Cannot edit VM or access it via SSH. error:Supplied fingerprint does not match current metadata fingerprint


I have a Linux machine on Google Cloud, created with Bitnami.

It was working well, and it could be accessed through SSH, usign the web console or putty. However suddenly today it can not be accessed via SSH in any way. When I try to edit the VM and change the SSH keys or make any other change to it i get the following error message:

Editing VM instance:"***" failed.
Error:Supplied fingerprint does not match current metadata fingerprint

The VM still running and the services deployed on it still working, but no changes can be made. I have about 10 other VMs, and all of them still having SSH Access.

I have tried to follow several guides on GC docs, but almost none can be done without command line access.

As suggested in the comments, you should check if SSH Keys set up for this VM are correct and Block project-wide SSH keys is un-checked.
If there are no SSH keys, you can generate your own pair:
run ssh-keygen -t rsa -b 4096 -C "your_email@domain.com" on your local machine and copy content of id_rsa.pub,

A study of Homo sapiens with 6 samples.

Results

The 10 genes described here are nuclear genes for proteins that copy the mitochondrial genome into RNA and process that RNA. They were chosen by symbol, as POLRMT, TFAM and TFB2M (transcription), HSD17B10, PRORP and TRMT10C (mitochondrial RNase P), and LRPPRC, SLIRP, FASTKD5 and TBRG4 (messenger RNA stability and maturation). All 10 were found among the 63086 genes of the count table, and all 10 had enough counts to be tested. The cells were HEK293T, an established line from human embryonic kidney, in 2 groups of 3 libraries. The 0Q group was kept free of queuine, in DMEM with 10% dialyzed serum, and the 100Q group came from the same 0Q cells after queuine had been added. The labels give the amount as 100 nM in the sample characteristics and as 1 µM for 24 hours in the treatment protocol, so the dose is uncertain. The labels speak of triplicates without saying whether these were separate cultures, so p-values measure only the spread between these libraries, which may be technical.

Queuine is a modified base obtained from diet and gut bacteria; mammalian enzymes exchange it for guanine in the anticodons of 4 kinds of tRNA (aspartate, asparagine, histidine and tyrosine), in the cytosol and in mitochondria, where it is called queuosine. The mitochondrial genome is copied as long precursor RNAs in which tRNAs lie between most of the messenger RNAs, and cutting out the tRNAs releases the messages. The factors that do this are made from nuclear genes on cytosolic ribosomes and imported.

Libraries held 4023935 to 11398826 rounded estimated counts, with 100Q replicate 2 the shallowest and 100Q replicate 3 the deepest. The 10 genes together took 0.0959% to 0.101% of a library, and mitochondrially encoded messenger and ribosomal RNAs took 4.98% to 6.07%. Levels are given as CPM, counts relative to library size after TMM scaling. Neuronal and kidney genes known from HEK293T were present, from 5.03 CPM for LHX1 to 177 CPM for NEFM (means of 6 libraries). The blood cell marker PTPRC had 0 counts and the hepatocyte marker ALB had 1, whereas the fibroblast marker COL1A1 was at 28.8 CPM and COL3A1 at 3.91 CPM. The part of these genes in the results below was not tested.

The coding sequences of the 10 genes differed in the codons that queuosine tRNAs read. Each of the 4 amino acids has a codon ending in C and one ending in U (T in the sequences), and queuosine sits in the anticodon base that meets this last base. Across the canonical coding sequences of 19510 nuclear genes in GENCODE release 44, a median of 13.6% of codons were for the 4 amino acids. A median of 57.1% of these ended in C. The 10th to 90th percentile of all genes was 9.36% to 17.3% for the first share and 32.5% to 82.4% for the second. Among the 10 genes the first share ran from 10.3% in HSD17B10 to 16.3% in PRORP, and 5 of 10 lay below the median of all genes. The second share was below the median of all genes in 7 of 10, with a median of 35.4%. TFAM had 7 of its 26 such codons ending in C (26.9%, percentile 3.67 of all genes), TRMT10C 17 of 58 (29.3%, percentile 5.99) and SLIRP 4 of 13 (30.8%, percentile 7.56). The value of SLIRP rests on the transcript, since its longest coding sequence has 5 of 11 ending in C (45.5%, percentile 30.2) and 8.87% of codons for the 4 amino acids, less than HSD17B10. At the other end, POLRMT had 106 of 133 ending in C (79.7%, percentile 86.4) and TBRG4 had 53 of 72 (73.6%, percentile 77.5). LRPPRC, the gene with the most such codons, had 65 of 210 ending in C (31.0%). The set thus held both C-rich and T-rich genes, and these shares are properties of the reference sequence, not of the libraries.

select Edit in VM details page, press Show and edit, then Add item and paste it.
Cloud console will check syntax of key automatically.
Save at the bottom and try accessing VM from local terminal or PuTTy.

If you are using different OS or need more information, you can find it here.


If manually created pair does not resolve the issue, you can try using serial console to access VM:

Start by enabling serial port access:

    --metadata serial-port-enable=TRUE

Then add a temporary account: select affected VM, press edit, and add custom metadata:
Key: startup-script
Value: #!/bin/bash useradd --groups google-sudoers tempuser echo "tempuser:password" | chpasswd

Save your changes and press Connect to serial console

From there, you can check ssh service status or edit ~/.ssh/authorized_keys

If none of these steps help, you can clone your instance.